Turning Advantages into Competitive Differentiators

Turning Advantages into Competitive Differentiators

By Bill R. Shelton, CEcD

Determining how to differentiate the community in the crowded and competitive economic development marketplace is a major challenge faced by civic leaders.

Assembling a long list of the community’s location advantages is the first step that most communities take, but every listed advantage does not necessarily bring a winning benefit. What the community may consider to be an advantage may indeed be a benefit for a company but may not be a factor that drives location or expansion decisions.
For example, a community might consider its location on an interstate highway to be a competitive advantage when in reality it may be a factor that merely allows the community to compete. For businesses that need interstate locations, only communities on the interstate highways will be considered. In this case, the advantage is simply a qualifier and not a competitive differentiator. Differentiators are needed to drive the location decision.

Identifying differentiators would appear not to be a difficult process, but in actuality, it is. It takes a great deal of thought and hard work to identify and describe what makes a community different from those in the same market. Here are three tips to help:

1.    Know your prospects and find out what really makes a difference.
The best source of quality information about a business’ needs is from the prospect. Don’t try to guess; ask the direct question, “What will drive your location decision?” The prospect is looking at your community through a different prism and may see value-added advantages that you don’t see or have overlooked. Engage the prospect to the degree that you can ask frank questions about what the company likes and dislikes about your community. This first-hand information will not only help to make the current deal, but it will also assist in framing future marketing activities.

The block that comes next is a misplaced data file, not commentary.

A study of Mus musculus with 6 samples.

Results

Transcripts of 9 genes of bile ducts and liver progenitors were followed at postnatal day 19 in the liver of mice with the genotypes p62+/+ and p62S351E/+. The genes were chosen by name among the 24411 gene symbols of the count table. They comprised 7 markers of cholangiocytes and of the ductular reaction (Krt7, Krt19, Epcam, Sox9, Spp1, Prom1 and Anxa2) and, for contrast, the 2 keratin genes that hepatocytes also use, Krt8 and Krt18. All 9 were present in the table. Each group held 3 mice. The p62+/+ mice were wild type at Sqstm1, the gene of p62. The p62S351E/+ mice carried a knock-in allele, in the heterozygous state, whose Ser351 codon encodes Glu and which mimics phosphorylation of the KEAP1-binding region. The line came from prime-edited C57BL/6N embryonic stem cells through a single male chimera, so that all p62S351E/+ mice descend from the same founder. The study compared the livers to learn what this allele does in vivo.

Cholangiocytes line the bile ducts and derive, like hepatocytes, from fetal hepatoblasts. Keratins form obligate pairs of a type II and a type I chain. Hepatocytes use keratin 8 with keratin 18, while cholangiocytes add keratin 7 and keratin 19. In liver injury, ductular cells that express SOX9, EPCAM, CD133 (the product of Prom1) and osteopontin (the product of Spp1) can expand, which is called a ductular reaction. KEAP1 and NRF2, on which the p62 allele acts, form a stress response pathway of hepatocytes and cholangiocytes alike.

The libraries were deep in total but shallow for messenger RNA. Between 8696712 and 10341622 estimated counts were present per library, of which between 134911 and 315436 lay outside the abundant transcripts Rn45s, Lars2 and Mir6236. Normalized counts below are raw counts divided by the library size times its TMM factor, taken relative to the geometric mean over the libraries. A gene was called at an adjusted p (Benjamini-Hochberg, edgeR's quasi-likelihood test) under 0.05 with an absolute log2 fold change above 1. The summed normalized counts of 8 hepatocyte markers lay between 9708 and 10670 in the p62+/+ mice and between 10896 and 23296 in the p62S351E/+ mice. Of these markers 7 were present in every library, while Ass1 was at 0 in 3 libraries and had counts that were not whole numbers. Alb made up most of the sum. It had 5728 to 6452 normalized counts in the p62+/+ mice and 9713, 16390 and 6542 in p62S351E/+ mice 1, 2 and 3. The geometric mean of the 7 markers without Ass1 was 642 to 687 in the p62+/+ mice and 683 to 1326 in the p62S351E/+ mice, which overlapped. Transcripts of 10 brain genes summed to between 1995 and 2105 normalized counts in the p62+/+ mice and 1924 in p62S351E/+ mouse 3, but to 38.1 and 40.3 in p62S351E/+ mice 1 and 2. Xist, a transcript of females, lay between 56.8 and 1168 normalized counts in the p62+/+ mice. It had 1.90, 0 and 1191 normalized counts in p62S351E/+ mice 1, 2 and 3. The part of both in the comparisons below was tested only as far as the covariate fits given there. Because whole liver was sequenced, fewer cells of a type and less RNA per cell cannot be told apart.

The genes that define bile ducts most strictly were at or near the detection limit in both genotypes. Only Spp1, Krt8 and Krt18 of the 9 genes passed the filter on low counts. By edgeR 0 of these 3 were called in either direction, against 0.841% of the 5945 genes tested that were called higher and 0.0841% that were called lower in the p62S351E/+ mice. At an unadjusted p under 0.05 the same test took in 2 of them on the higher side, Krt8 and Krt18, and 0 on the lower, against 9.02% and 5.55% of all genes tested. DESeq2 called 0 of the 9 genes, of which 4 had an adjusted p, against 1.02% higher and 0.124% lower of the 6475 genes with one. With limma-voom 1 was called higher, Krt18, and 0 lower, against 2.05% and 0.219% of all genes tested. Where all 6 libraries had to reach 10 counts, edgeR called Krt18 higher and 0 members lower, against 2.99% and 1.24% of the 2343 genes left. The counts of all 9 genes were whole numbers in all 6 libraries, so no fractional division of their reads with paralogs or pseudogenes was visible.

2.    Consider your community’s values. 
Not all differentiators are hard advantages that have dollar values. Tell the story of your community and its values. For example, more businesses are managing sustainability to improve processes, pursue growth and add value to their companies. A community’s efforts to be environmentally friendly and to encourage energy efficiencies can be a differentiator. The story of leadership and initiative by a community that has overcome a major disaster or misfortune is also a strong differentiator that is worth telling.

3.    Know your competition. 
To help better understand your differentiators, it is helpful to know what differences competitive communities consider to be their distinguishing features or services. By analyzing competitive communities’ online postings and marketing materials, you can identify the differences they highlight and strengthen your ability to identify differentiators that will help your community stand out from the competition.

Focusing time and energy on identifying the differentiators that give your community a competitive edge is worthwhile. Don’t forget that once identified, differentiators must be properly communicated to explain the exact benefits a prospect business can expect from locating or expanding in your community.